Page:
As unemployment soars and the market floods with an excess of applicants applying for a limited number of jobs, the recruitment process has become swamped. Amber Shrimpton, an HR consultant at Centrica energy, says the economic situation has sparked a “loose labour market where there are more people looking for jobs than employers offering them”.
It seems, then, that the need for technology in the application process may be more important now than ever. The role which Artificial Intelligence plays in recruitment is expanding exponentially; machine learning allows companies to filter a large number of job applicants and vast amounts of data more quickly and efficiently, which is why conglomerate companies like McDonalds, JP Morgan and accountancy firm PWC are jumping on the trend.
According to recruiters, the most time consuming part of hiring is the initial sifting through hundreds, sometimes thousands, of applicants. This is where AI steps in. Intelligence can sort through CVs, look for the right candidate and conduct first-stage interviews with them; they can perform background research on the candidate such as income, earnings and schooling.
According to one report, 52% of talent acquisition leaders say the hardest part of recruitment is identifying the right candidates from a large applicant pool, so on the surface AI recruitment seems like an attractive alternative.
But, like any rapidly growing technological phenomenon, the symptoms are not all positive. A BBC article yesterday revealed the ins and outs of this digitalised process and one jobseeker’s largely negative experience of being interviewed via an algorithm.
That our future careers may be decided on the algorithmic whim of new AI recruitment software may strike anxious jobseekers as unwelcome: doing well in an interview has traditionally been reliant on human contact, such as a firm handshake or good eye contact, and the automated nature of this process has frightened off even the most tech-savvy of companies- like Amazon, who scrapped their artificial hiring tool back in 2016 because of bias against female candidates.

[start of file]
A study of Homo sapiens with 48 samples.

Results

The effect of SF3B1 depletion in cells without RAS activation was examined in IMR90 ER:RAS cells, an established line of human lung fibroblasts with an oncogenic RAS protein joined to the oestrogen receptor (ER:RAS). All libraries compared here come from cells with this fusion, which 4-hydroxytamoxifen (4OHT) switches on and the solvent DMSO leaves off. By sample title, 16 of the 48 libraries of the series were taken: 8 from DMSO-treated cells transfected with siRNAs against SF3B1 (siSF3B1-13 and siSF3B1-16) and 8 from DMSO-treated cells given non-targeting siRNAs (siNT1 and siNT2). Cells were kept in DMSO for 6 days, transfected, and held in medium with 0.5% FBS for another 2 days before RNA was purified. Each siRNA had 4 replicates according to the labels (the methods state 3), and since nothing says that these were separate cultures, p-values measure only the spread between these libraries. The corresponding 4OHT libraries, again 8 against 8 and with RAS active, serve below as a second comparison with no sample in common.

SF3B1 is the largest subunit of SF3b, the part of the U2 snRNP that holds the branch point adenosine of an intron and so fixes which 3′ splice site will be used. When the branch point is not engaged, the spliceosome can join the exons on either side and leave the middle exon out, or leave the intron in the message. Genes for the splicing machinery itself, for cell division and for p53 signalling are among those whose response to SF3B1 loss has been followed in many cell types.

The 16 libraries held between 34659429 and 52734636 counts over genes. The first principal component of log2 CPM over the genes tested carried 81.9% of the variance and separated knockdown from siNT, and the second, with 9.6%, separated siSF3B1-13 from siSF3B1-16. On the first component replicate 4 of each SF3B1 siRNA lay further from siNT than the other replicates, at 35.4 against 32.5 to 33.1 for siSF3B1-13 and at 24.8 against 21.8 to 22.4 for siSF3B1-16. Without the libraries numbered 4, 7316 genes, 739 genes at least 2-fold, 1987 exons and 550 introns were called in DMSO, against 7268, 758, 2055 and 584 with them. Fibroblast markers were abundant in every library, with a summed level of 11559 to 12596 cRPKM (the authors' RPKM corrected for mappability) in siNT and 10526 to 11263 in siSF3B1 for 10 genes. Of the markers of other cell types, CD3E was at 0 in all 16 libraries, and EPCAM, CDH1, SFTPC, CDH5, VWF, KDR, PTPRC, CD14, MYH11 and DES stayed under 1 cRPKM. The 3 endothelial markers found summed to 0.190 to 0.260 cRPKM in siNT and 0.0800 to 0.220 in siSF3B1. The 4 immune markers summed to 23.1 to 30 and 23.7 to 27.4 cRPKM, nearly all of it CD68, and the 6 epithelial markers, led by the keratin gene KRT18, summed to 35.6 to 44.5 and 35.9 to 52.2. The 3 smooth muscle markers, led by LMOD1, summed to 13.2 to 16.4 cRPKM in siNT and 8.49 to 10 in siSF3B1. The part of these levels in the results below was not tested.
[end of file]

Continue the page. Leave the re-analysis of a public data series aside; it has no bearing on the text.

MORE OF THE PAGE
But the role that AI plays in the job process doesn’t always have to be so invasive: technology plays a large part in just assisting online job searchers, such as with ‘Chatbots’ or automated replies to applicants inquiring online about a job. Technology can also play an important role in recruiters matching applicants to the right job by using data to match applicants’ skill sets and interests with the right role.
What’s more, the science has progressed since Amazon’s decision to ditch its hiring tool in 2016: many specialists consider automated recruitment tools to actually be a more diverse approach to hiring than humans, who have unavoidable internal (or external) bias.
A report from IBM Smarter Workforce Institute showed the impact AI can have on remedying the systemic inequalities in the workplace by diversifying the recruitment process; machine learning can choose the right candidate for the job regardless of sexual orientation, ethnicity or background, and can help to eliminate the massive role which nepotism currently plays in the majority of job applications.
One report even found that the gendered language of jobs ads can exclude female applicants and “maintain gender inequality in traditionally male-dominated occupations”. So data-driven, standardised language may be crucial in adopting non-partisan advertising language in order to make the job market a more level playing-field for men and women.